The forward dividend yield is derived by dividing a year’s worth of expected future dividend payments by the stock’s current price. In the current environment with a soft global economy, industrial conglomerates’ growth slowed down. In such conditions, dividends become more important because they appeal to the regular income-seeking investors.

In the above graph, you will notice that General Electric’s (GE) forward dividend yield is 3.1%. It’s still above the industry’s average forward dividend yield of 2.6%. Only Koninklijke Philips NV (PHG) and Siemens (SIEGY) have a forward dividend yield of 3.17% and 3.2%, respectively. Parker-Hannifin (PH) and Honeywell International (HON) have the lowest dividend yield of 2.1% each.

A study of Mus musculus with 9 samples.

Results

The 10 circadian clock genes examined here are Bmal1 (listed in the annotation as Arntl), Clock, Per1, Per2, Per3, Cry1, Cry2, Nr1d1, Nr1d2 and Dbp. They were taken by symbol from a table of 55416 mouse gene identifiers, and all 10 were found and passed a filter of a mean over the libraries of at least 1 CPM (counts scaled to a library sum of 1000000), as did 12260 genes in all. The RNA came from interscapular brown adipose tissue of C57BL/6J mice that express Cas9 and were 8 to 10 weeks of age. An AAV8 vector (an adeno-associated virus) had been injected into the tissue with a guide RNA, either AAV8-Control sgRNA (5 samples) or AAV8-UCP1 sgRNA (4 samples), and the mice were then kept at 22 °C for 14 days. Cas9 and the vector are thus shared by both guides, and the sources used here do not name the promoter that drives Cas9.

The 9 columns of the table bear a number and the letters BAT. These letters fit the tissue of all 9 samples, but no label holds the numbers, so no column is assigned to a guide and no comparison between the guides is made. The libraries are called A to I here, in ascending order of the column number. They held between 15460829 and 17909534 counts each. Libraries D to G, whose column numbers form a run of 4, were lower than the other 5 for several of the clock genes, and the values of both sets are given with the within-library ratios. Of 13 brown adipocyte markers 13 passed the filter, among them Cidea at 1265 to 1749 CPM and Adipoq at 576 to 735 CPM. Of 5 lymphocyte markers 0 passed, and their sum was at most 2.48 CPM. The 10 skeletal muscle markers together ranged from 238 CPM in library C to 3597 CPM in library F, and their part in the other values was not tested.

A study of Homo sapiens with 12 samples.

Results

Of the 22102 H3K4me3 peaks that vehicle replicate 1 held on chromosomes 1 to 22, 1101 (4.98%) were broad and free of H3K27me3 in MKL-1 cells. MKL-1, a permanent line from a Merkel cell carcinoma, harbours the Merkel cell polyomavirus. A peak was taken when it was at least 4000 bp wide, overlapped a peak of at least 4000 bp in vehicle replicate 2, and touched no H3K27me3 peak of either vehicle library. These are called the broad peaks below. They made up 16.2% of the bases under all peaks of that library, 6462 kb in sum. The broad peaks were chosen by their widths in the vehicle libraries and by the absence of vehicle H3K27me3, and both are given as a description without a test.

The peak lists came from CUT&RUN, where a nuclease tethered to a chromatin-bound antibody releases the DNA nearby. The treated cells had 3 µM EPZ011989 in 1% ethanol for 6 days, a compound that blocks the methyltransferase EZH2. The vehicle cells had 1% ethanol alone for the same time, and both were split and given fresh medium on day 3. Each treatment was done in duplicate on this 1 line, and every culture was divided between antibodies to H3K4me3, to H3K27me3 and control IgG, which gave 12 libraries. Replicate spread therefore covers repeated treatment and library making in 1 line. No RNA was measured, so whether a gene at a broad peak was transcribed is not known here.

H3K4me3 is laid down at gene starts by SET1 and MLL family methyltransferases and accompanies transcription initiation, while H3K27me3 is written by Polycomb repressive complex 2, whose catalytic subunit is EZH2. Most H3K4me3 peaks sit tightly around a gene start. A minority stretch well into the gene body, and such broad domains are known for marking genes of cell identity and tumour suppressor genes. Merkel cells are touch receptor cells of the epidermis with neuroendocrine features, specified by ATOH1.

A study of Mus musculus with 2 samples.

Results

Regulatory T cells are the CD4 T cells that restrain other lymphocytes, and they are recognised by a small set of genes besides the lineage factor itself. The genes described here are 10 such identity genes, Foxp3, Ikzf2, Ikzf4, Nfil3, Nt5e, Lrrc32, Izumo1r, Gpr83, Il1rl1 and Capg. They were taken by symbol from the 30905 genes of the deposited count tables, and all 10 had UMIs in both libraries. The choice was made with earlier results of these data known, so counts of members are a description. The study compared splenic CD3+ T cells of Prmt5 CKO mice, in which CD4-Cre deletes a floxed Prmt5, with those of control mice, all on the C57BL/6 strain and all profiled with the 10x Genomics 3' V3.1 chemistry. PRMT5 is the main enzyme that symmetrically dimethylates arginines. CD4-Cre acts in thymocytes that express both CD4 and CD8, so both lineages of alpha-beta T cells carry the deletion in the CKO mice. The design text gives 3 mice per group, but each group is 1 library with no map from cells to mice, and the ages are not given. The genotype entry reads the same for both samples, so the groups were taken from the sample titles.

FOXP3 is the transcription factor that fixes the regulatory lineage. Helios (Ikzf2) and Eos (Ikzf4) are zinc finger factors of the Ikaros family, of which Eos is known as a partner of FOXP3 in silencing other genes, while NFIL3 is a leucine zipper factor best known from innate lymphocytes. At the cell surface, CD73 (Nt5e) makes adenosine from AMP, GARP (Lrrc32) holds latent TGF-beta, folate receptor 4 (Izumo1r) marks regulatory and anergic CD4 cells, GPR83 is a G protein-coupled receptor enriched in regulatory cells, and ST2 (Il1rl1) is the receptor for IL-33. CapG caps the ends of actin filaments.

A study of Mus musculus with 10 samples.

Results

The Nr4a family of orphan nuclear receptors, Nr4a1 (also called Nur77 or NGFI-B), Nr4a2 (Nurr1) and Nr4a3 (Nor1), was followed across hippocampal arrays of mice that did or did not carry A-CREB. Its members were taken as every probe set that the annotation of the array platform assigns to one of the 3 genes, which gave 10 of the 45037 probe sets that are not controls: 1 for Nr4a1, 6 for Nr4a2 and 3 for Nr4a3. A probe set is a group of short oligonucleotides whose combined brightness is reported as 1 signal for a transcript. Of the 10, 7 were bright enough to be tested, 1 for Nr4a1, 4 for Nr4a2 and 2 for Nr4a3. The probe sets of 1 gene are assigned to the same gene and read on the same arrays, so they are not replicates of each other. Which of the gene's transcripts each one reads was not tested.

General Electric is included in the portfolios of 94 ETFs. The company makes up 11.0% of the Industrial Select Sector SPDR Fund (XLI).


General Electric has been aggressively restructuring its entire business portfolio. It seems that the company has been desperately trying to shun its “over-diversified” tag. The company’s ambition to return to its roots has seen a series of massive divestments in the last two years.

Also, the company’s commitment to reduce its huge debt primarily attributable to the GE Capital business is noteworthy. However, the company’s debt-to-earnings before interest, tax, depreciation, and amortization ratio of 9.5x is still much higher than the industry average of 4.0x.

To sum it up, there’s limited room for the company to increase its dividend in the next few quarters. Ongoing capital expenditure required for research and development (~$10.0 billion) accounts for ~10% of the revenue plus the existing debt servicing. This makes it challenging for another hike in dividends in the near term.

In the next part, we’ll look at General Electric’s shareholder returns so far in 2016.